Rocio Fernandez Gutierrez ‘22 has been involved in Center for Urban and Global Studies (CUGS) programs since her first year at Trinity. In her first year, she was a part of the Cities Program Gateway and studied away over the summer in the China Summer Program. Fernandez went on to double major in Urban Studies and Sociology, and is currently using a CUGS research grant to conduct research for her thesis. Her interest and involvement on campus is broad, and in fall 2021 she took part in the Liberal Arts Action Lab, and she has done internships through the Catalyst, now Kelter Fellows Program at the Career and Life Design Center, with organizations in Hartford, The Center for Latino Progress and Desegregate Connecticut.
Before attending Trinity College, Fernandez Gutierrez did not know she would study urban studies. When she was invited to the Cities Gateway, she developed an interest in urban studies, which grew as she learned about the interdisciplinary nature of urban studies. She was particularly interested in learning about how cities create social inequality and can be centers for social mobility through urban studies and sociology classes.
In the China Summer Program in 2019, Fernandez Gutierrez saw what other countries do to develop cities, and saw urban development policies in a country that takes a more top-down approach. She learned about how policies in cities in China compare to those in Hartford. The program was also an opportunity to connect with faculty in CUGS, who later on helped her connect with Hartford organizations and development projects.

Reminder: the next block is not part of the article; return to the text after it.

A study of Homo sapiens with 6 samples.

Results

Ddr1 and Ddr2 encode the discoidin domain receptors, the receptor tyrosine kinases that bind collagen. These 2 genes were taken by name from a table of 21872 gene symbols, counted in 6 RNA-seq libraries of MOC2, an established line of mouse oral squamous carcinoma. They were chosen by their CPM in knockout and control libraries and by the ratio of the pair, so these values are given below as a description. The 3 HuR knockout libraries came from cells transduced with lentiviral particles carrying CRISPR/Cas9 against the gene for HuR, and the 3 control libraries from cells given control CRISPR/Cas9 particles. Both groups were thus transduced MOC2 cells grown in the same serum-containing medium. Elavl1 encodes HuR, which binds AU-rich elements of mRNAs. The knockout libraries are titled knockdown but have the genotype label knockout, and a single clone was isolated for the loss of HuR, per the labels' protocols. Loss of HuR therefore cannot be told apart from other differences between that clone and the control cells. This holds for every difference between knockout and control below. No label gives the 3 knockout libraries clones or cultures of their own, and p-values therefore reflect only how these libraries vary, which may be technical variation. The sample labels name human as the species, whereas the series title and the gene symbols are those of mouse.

This past year she has been using a CUGS research grant to conduct research on Hartford’s revitalization efforts by comparing Pratt Street downtown and Park Street in Frog Hollow with the efforts of the city government at large. Through the pandemic, she was able to still go to local businesses and interview business owners and other players on these streets who take part in efforts for revitalization. Ironically, the pandemic transitioning into more normalcy has forced her research to become more participant-observation due to the business owners becoming more busy with business and reopening. In addition to interviews and participant-observation, she has conducted analyses of police reports on Park Street and Pratt Street. This research is being incorporated into her thesis, with chapters on each street.
When asked how CUGS has impacted her time at Trinity College, she expressed how CUGS, “has always been a middle point between me and my peers and Hartford. Through its faculty and programs, I learned how to engage and connect successfully between Trinity and Hartford. The faculty have been supportive in my personal and professional goals, and have offered new opportunities to me.” For instance, Professor Myers recommended her to be a first year mentor for the Cities Gateway. Rocio Fernandez Gutierrez has been an impactful member of the CUGS community, and has tapped into the resources CUGS can provide to further herself and her community through the multiplicity of opportunities she has pursued and been offered.